Dog Breeds Have Different Brains, New Research Says


The big discovery of the study seems pretty simple, lead author Dr. Erin Hecht of Harvard's Department of Human Evolutionary Biology tells Bustle: "Different breeds of dogs have different brain anatomy." However, that's actually a new idea. Dogs behave very differently according to their breed, and as behavior is determined by the brain, it makes sense that the brains of different breeds would work in different ways — but, Dr. Hecht tells Bustle, nobody had given the idea a scientific look before.

The study wanted to pinpoint exactly what has influenced brain anatomy in dogs. Dr. Hecht and her fellow researchers thought it might be their skull size or shape, as many dogs have very varied head sizes (think of the tiny head of a Chihuahua compared to the wide skull of a bulldog), but they also wanted to investigate another possible factor.

"A third possibility would be that humans have influenced the brain organization of different breeds by selectively breeding them for different behaviors, like hunting, herding, or guarding," Dr. Hecht says. And that factor turned out to be important. "We found that body size and skull shape are indeed factors in determining brain anatomy, but that on top of these two things, there are also significant associations between brain anatomy and the behaviors that different breeds are supposedly specialized for."

They looked at MRI scans of brains of 62 dogs from 33 different breeds. All of them had pretty normal brains — in other words, they didn't show any neurological problems and could be assumed to show typical brain characteristics for their breed. And what they discovered shows that as humans have bred various dog breeds over time, we've actively reshaped their brains.

The MRI scans found that there were six different rough networks of brain regions that worked together in different ways, depending on the breed. "For example, sight hunting, bird flushing and retrieving were linked to a network that included regions involved in vision, movement, eye movement, and spatial navigation, which might support visually tracking a moving object through the environment and then figuring out how to get to it," Dr. Hecht says. In dogs who'd been bred to be great hunters, these brain regions all worked together, while in dogs who weren't retrievers, the regions didn't have the same connection. Companionship dogs had different active networks altogether.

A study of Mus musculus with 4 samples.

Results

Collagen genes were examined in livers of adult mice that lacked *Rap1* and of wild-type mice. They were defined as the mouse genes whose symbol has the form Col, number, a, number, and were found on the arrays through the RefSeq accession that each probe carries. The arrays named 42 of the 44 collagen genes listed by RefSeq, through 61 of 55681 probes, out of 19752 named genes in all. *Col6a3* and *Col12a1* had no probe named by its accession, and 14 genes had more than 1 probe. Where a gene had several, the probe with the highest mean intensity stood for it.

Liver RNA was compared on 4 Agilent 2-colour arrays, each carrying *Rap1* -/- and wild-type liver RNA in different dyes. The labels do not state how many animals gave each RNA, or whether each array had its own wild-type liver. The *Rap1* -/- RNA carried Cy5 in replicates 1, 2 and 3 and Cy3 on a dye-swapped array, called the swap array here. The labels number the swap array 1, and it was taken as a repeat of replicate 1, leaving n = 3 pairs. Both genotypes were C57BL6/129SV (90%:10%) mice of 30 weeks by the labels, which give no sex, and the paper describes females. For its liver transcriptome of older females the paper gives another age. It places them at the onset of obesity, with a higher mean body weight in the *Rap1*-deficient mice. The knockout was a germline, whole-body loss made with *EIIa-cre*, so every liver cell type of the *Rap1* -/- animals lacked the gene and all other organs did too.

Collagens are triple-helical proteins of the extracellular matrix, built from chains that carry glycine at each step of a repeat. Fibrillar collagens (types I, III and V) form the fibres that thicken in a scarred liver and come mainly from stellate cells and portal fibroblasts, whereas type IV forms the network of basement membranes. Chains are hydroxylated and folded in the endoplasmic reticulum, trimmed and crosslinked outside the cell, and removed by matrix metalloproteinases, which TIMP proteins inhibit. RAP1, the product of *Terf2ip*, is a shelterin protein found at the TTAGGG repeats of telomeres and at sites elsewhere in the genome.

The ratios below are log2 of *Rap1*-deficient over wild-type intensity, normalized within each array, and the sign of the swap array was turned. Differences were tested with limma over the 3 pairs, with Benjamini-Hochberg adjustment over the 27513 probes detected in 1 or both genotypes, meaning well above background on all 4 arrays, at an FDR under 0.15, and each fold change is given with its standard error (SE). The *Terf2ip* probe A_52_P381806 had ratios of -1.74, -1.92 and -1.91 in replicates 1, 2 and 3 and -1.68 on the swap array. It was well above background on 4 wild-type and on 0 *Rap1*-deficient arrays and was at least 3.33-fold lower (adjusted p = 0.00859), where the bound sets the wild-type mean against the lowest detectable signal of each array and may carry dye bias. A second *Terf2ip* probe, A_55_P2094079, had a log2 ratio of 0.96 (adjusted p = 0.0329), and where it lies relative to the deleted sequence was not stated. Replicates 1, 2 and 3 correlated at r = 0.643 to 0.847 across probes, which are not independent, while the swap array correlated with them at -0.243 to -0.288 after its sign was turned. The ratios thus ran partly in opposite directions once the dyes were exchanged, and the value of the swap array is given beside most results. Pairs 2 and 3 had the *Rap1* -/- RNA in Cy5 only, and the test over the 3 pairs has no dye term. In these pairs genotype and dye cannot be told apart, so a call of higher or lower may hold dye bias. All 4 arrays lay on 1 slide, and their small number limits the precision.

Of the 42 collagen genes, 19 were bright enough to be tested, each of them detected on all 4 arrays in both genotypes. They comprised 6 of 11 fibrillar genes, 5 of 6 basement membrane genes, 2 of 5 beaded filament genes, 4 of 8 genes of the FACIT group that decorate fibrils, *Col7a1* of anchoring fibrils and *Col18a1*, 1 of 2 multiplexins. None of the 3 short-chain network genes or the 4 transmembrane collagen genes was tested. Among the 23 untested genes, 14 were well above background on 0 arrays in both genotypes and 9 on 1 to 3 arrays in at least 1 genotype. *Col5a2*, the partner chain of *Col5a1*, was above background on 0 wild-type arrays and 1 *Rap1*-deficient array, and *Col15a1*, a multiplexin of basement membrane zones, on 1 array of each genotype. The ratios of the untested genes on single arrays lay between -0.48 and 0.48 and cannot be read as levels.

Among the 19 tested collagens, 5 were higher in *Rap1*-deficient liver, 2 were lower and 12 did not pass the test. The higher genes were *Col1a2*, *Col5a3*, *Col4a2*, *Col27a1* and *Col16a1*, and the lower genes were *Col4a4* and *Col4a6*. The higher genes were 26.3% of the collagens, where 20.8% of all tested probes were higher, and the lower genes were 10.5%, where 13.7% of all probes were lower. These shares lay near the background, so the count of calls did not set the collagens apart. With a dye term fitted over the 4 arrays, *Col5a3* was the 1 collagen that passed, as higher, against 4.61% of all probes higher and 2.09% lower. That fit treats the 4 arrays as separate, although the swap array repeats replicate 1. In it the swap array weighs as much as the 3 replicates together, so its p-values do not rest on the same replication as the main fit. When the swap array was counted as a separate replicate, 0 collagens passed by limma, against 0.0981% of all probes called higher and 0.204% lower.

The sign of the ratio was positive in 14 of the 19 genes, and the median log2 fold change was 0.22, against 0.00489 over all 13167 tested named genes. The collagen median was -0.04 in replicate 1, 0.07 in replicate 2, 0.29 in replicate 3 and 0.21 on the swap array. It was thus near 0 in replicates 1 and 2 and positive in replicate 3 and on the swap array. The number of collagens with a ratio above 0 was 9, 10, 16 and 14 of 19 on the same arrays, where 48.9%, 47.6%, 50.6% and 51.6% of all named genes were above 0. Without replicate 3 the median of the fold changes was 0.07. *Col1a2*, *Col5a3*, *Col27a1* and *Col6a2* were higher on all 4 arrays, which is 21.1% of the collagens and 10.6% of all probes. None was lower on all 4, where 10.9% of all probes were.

The study found huge variations in brain structure depending on dog breeds, and Dr. Hecht tells Bustle there's something really interesting about that discovery. "As far as we know, none of the dogs in this study were working dogs — they were likely all just family pets," she says. "I think it’s impressive that you can still see these significant brain-behavior links in animals that aren’t actively performing their breed-specific tasks." Even though a Labrador Retriever or a beagle might simply be a pet and live a pretty simple life, their brain still carries a structure created by centuries of breeding. In working dogs, it's likely these specialized brain characteristics are even more enhanced, but no study has been done on that yet.

However, this doesn't mean that every puppy is born with all the capabilities of an adult working dog of its breed already in its brain; you still have to do training, and all dogs have varying capabilities. "Border collies have some innate tendency to learn how to herd but aren’t born herding champions — they have to be exposed to sheep during a critical window early in their development," Dr. Hecht says. "Similarly, humans aren’t born knowing how to use language, but we clearly have an innate predisposition to learn it. If we can figure out how evolution got herding into the brains of border collies, then maybe this will also help us understand how evolution got things like language into our own brains." Dog brains may open up new windows into discoveries about our own cognition and skills.

So next time you look deep into your beloved pooch's eyes and wonder what it's thinking, the answer will likely have been shaped by hundreds of years of selective breeding. Although it may just be thinking about breakfast.